I have worked in the abuse prevention and crisis response fields for over three decades. Recently, I have become intrigued and dismayed by the intransigence of understanding when it comes to the prevalence, outcomes, and acknowledgement of sexual assault and abuse in our society.
Last week, writer Kelly Oxford shared on Twitter her story of the first time she was sexually assaulted. Her bravery, and the response it sparked, provides an opportunity to talk about an ingrained and damaging cultural norm that continues to dismiss the experiences of survivors and elevate the behaviors that victimize too many.
Oxford asked others to “tweet me your first assaults.” NPR reported that “the responses poured in – not by the dozens or the hundreds, but by the thousands.”
Over the span of a day, Oxford said more than a million women responded.
As one follower tweeted:
Age 6 – molested by an older man repeatedly. Forced to sit on his lap while he masturbated against me. #notokay
— Rebecca Arington (@puccinigirlnyc) October 8, 2016
Many said they had never before told anyone about their assault, many chose to remain anonymous fearing exposure, and many reported multiple assaults from different perpetrators.
Oxford talks of “a culture of complicit silence.”
I look at the data and I hear the stories. Too often, they are vastly different. Why do child abuse statistics belie anecdotal evidence that suggests a much higher rate of childhood sexual abuse? Why are reporting, arrests, and prosecutions for all types of sexual assault so vastly different from the prevalence studies? And why aren’t the connections between sexual assault/abuse and other types of violence and victimization adequately documented and addressed?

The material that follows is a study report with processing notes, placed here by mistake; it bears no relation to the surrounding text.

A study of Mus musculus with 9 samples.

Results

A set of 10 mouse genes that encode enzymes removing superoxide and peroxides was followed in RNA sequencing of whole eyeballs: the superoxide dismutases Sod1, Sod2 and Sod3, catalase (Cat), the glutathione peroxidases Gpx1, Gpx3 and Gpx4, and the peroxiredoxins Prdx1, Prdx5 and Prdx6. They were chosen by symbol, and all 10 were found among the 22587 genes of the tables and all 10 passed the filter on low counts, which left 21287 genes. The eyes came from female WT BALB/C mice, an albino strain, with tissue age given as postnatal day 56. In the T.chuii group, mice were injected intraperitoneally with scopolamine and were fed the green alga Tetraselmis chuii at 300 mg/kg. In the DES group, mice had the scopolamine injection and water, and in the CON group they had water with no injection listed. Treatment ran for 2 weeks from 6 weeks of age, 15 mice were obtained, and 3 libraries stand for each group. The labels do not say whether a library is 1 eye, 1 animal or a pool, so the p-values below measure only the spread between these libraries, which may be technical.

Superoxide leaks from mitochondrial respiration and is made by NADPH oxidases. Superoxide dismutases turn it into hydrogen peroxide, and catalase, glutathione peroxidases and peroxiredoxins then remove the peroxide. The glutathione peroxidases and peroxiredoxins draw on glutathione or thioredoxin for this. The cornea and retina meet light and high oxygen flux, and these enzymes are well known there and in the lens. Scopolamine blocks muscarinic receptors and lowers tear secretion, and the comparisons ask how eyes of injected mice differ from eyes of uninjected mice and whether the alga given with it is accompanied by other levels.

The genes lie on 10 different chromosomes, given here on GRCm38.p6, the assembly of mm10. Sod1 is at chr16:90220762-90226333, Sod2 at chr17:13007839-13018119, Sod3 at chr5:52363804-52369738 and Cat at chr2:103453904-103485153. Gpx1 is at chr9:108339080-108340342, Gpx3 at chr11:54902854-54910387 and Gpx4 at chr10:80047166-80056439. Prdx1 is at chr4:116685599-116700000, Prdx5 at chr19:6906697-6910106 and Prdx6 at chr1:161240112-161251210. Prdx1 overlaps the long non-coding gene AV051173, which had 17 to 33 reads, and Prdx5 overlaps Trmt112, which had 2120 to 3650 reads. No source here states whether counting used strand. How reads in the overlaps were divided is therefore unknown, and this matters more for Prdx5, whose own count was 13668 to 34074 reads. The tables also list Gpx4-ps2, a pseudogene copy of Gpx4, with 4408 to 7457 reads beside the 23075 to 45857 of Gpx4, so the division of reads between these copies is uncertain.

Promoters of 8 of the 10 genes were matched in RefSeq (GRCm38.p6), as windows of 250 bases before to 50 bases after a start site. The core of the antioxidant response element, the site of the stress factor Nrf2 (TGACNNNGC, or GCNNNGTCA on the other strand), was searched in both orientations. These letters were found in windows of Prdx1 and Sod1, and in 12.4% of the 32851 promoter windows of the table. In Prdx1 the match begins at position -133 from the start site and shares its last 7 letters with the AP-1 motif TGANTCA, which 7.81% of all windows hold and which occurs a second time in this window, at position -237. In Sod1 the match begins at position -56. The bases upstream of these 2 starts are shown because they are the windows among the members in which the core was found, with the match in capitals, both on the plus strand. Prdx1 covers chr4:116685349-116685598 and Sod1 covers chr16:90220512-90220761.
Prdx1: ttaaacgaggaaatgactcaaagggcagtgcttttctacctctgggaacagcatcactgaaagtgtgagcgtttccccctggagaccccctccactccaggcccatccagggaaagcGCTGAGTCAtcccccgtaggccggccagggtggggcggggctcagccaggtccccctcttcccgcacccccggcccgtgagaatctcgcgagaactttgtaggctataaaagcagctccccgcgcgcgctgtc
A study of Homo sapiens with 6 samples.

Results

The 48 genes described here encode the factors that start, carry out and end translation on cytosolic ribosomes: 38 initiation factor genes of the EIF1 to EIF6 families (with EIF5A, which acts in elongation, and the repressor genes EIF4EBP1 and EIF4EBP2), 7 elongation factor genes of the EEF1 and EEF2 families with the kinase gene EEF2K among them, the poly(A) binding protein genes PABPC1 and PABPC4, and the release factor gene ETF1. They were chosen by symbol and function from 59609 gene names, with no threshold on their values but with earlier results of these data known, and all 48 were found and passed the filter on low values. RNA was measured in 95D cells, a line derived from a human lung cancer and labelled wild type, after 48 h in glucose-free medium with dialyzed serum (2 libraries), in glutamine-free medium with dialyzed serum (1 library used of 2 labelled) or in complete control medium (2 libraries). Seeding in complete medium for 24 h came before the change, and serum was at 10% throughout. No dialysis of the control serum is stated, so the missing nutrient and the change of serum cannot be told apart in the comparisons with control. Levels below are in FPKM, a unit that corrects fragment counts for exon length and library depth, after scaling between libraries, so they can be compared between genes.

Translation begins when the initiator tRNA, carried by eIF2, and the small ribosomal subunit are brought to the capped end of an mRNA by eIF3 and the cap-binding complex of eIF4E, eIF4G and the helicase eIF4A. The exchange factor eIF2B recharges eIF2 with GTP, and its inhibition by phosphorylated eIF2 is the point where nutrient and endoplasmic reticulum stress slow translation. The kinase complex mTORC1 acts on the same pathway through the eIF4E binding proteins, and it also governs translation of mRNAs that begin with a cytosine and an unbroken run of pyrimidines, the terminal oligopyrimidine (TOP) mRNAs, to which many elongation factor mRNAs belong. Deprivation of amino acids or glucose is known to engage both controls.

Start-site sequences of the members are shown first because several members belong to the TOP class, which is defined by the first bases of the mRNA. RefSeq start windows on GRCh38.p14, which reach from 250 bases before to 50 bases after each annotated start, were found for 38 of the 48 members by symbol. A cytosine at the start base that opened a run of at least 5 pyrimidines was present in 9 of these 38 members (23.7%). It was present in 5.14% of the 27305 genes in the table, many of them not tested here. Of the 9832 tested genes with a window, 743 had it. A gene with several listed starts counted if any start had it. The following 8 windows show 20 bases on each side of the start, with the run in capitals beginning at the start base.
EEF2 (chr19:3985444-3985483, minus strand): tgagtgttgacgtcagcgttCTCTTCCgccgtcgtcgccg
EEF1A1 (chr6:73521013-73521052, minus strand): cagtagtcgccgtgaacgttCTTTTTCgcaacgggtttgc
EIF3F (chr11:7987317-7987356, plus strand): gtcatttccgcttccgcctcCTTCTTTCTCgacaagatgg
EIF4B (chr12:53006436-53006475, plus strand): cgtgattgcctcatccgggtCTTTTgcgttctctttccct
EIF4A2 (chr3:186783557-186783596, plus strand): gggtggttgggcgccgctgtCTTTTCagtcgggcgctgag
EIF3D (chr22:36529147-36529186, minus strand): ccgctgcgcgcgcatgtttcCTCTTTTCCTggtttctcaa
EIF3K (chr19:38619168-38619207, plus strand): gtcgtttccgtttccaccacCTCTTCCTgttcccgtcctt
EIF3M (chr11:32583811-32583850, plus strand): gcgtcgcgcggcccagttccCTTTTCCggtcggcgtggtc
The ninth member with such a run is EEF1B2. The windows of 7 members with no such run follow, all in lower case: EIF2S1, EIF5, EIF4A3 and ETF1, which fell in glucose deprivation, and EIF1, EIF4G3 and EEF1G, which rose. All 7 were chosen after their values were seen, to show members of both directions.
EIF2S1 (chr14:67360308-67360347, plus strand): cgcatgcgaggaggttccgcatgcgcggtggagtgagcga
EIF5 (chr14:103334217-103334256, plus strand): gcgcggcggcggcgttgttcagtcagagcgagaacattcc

Perhaps because sexual assault has been so normalized in our culture that people don’t even recognize what occurred was assault. Perhaps the survivors fear being ridiculed or dismissed if and when they speak out.
Perhaps a survivor will be blamed, told it is her fault for having a cocktail, for going to the grocery store alone at night, for wearing those tight jeans or short skirt. Perhaps she knows she will be told she was asking for it.
Can a 5-year-old girl really ask for it because she’s sitting on an uncle’s lap or running around the house in her underpants? Is having your crotch grabbed really an understandable consequence of riding public transportation? Is it really the victim’s fault because she had a drink, wore tight jeans, accepted a dinner date, and all the other myriad rationales that blame the victim when assaulted by someone she knows?
Can a 5-year-old girl really ask for it because she’s sitting on an uncle’s lap or running around the house in her underpants?
The recent firestorm over the open-mic comments of a presidential candidate has served as a jumping off point to talk about a rape culture that leads society to dismiss and even blame survivors of abuse.
That, I have decided, is at the core of much of the intransigence surrounding the problems – the crimes – of sexual assault and abuse. We have all learned to stay silent. It’s uncomfortable. It happens to “someone else.” It’s her fault.
In order to begin to change, we must first shine the light into the dark corners of a culture that too often celebrates conquest and domination. The end of the NPR article describes the beginning of change: “Oxford told her followers that any guilt about these stories belongs to the assailants, not to survivors.”